My question is if with the sub-sequent confirmations after the first one, the miners get the mining reward, or a share of it.

Or maybe a transaction is included in different blocks per each confirmation? But how the mining fees are paid then?

If there is no reward for re-confirmations, I'm wondering what would happen after the Bitcoin limit is reached and the only reward for the miners will be the transaction fees. Will transaction get more than 1 confirmation then?


Each block must reference the preceding block by including a hash of the preceding block's header in its own header. That means each block confirms the block before it, which confirms the block before it, etc..., all the ways back to block 0 (the genesis block).

The Block Chain

  • When we say a transaction has 1 confirmation, that means it's included in a block.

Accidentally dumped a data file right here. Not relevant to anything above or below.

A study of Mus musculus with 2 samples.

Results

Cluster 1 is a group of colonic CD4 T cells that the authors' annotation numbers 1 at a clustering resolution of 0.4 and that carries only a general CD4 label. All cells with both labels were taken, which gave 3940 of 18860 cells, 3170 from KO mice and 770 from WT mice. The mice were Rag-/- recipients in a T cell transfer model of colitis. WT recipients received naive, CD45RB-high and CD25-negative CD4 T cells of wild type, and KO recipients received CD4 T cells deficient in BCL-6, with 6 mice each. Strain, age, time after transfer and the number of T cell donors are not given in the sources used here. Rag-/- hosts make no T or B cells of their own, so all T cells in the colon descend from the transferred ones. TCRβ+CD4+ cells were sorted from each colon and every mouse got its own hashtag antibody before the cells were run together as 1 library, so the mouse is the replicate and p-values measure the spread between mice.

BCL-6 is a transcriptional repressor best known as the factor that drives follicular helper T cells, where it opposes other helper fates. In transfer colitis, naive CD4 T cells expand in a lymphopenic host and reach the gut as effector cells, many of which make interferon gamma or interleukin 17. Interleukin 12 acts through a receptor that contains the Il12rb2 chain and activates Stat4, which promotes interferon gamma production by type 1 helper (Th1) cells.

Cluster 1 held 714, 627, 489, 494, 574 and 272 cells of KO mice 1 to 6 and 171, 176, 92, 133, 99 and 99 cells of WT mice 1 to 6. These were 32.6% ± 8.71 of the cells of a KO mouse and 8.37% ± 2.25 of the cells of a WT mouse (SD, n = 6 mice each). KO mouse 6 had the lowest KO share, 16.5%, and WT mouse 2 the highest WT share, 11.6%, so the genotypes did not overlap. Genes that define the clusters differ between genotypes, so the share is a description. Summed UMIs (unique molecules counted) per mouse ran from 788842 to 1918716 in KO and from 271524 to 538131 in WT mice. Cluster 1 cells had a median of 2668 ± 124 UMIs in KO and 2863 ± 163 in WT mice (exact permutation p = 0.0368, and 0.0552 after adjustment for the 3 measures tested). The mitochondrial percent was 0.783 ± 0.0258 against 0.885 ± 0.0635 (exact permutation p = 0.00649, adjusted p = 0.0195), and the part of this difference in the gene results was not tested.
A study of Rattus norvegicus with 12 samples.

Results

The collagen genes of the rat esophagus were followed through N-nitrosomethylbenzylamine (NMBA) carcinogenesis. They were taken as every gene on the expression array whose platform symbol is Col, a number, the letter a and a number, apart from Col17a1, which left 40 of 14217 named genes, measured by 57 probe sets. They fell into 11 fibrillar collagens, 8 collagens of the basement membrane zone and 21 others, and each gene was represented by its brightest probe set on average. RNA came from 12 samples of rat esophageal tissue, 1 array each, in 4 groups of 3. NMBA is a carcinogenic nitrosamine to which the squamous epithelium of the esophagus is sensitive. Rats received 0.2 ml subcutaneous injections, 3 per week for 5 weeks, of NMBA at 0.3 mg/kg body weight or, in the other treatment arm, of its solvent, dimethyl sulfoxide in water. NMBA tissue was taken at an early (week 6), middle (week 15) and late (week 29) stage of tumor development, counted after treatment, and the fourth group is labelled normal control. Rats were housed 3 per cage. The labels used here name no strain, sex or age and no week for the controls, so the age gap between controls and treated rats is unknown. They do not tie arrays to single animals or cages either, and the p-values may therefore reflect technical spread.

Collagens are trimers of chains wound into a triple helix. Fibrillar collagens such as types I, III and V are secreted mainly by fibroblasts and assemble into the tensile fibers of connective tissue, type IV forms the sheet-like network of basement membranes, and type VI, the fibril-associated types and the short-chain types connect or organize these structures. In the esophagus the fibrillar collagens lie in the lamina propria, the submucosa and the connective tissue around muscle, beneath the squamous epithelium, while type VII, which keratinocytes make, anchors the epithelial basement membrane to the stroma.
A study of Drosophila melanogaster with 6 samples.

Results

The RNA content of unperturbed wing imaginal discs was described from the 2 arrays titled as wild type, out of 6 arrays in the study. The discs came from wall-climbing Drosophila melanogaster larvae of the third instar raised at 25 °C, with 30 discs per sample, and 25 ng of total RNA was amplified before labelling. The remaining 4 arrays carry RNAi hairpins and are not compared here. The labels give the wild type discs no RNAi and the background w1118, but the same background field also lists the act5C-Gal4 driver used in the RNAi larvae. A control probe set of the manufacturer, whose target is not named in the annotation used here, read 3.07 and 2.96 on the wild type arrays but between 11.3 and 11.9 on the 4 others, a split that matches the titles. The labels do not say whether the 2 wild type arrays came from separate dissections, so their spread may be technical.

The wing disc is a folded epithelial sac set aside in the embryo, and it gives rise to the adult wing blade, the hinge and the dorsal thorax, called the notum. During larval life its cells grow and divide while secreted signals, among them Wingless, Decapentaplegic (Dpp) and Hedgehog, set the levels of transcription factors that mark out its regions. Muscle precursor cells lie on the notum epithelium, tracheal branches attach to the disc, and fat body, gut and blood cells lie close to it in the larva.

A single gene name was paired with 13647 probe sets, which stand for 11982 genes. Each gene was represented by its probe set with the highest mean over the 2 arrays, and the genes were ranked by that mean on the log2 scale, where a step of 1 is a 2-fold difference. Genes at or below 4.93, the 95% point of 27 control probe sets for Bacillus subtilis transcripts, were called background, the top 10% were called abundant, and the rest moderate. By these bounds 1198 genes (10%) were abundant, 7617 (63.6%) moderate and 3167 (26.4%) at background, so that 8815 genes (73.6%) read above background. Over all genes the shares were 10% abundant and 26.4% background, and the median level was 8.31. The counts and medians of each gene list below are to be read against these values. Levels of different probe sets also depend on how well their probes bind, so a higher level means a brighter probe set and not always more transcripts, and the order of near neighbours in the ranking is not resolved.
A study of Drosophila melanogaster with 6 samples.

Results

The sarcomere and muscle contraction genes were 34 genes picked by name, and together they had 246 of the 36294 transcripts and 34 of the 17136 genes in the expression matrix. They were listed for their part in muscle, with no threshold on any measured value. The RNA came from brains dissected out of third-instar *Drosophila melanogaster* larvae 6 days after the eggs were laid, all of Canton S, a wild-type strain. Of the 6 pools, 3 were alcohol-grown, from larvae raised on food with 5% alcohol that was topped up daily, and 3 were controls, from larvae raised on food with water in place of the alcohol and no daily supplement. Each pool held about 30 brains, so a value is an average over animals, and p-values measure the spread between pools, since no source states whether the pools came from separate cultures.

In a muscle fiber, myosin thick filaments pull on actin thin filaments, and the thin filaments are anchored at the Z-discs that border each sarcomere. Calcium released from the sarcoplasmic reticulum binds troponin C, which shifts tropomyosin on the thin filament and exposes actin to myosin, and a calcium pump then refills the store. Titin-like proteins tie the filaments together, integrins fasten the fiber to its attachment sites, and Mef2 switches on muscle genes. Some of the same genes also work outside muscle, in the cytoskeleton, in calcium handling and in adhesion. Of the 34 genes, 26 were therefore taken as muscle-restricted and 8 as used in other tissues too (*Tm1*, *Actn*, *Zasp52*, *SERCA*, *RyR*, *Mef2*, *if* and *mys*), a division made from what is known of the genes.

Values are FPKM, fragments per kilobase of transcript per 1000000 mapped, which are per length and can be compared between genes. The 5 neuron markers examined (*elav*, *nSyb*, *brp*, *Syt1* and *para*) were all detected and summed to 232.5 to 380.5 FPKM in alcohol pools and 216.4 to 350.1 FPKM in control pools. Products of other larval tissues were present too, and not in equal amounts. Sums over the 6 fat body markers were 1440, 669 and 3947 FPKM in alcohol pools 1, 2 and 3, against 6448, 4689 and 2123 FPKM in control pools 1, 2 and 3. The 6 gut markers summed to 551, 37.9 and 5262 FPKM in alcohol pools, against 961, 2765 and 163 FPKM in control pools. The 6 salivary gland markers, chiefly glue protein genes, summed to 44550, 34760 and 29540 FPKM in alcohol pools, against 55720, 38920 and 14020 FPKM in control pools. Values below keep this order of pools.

• When we say a transaction has 2 confirmations, that means it's included in a block which is followed by one block.

  • When we say a transaction has 3 confirmations, that means it's included in a block which is followed by two blocks. Etc...

When the block subsidy stops (or becomes so low it's mostly irrelevant), miners will create blocks only for their transaction fees. So miners will attempt to mine block A for its fees (giving its transactions one confirmation); after it's mined, miners will attempt to mine block B for its transaction fees---and block B will confirm the transactions in block A, raising their confirmation score to two. So transactions will still get more than one transaction then.

There is some concern that Bitcoin with transaction fees only will encourage miners to fork the chain and "re-mine" recent blocks with high transaction fees. Some people call this "fee sniping", and if it's a legitimate concern, it still probably won't manifest for several years---and developers are already talking about ways to make it harder and less potentially profitable.